Design Quickie – How to Pick the Right Neutral Paint

Picking paint for any room can be daunting. There you are, standing in front of hundreds of swatches under the brightest of light, trying to pick things out on a whim. If you’re patient and a good planner, you’ll get a bunch of samples to test in your home. I’m the opposite so I usually end up grabbing a color and rolling with it, fingers crossed.

 

How to Pick the Right Neutral Paint | HomeWork Design Co.

 

It’s so easy to “commit” to a paint color, get it home and on the walls, and then realize you hate it. Too intense, too bright, too dark – but the thought of re-buying and re-painting is enough to just give in and live with it. Been there.

Here’s what I’ve learned. When it comes to neutral paint, my #1 tip for choosing something pleasing is to first identify the grays in any offering of paint swatches, then choose your color. It sounds weird, but trust me. Go for the grays, and among them, look for the color.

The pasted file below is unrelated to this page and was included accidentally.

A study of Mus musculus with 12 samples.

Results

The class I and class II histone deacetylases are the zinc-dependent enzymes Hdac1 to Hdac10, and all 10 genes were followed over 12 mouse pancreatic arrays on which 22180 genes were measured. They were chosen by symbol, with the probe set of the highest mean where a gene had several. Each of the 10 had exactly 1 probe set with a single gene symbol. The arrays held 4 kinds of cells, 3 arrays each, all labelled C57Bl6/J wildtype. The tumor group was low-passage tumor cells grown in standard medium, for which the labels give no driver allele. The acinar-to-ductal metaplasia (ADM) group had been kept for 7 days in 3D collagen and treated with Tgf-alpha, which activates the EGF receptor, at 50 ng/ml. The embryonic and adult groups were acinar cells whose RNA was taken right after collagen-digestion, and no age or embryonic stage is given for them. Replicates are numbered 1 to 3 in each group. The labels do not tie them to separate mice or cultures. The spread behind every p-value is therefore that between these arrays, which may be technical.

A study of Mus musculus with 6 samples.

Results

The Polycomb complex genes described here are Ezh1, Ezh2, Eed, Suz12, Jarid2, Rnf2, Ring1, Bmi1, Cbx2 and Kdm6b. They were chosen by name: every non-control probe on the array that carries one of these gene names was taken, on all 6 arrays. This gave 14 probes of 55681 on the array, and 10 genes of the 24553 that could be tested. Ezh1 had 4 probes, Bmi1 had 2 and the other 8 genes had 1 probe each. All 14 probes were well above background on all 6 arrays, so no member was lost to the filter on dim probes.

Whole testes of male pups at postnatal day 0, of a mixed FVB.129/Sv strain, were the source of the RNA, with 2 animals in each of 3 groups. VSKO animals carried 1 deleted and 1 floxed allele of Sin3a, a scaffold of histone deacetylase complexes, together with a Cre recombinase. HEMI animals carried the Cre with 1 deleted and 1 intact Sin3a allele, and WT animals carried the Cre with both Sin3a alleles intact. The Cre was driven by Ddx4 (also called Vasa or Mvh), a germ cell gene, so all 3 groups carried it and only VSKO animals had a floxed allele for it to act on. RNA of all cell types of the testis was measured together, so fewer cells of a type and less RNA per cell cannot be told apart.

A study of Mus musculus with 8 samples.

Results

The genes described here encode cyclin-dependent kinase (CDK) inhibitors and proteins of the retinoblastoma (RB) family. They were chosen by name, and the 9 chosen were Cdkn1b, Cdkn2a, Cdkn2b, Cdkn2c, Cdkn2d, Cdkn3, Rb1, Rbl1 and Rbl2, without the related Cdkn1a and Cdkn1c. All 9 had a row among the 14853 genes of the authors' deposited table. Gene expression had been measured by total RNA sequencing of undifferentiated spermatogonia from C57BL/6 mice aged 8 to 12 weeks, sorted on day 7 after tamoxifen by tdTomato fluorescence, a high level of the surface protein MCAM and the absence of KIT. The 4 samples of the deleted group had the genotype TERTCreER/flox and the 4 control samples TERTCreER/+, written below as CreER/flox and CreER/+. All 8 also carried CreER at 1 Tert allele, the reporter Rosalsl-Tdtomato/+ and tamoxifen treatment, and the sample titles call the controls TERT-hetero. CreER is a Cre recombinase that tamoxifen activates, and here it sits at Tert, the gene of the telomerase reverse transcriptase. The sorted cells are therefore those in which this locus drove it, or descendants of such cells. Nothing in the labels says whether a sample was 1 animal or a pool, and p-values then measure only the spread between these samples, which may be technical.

Sometimes the grays are identified in their own section, and sometimes they are dispersed and appear as the blandest option when you’re looking among one color (i.e. the blandest blue).

I hate using the word bland, but usually, it only looks that way because it’s placed right next to so many more saturated or intense colors. In this case, it looks boring. Don’t be fooled, though! If you’re going for a neutral with subtle color, this is the best tip to follow. Once you get it on the walls of an entire room, the color undertone of the gray will be easy to read.

Here’s what you do:

1. Gravitate toward the group of grays (if there isn’t a section of grays or neutrals, pull the swatches that look the most gray among a certain color you’re going for. I.e. go to the group of blue, and pull the swatches that look the most gray.)

2. While focusing on the grays only, find the color undertone that you’re going for. You should be able to pull a bunch of swatches and tell if there is a blue, green, purple, or red undertone, for the most part.

3. If you’re truly looking for something subtle, go with the color that is 1 shade lighter than the initial color you’re drawn to.

 


Have a great weekend. We’re headed to Long Beach Island for the week – it’s the second time my butt will be on the beach all summer!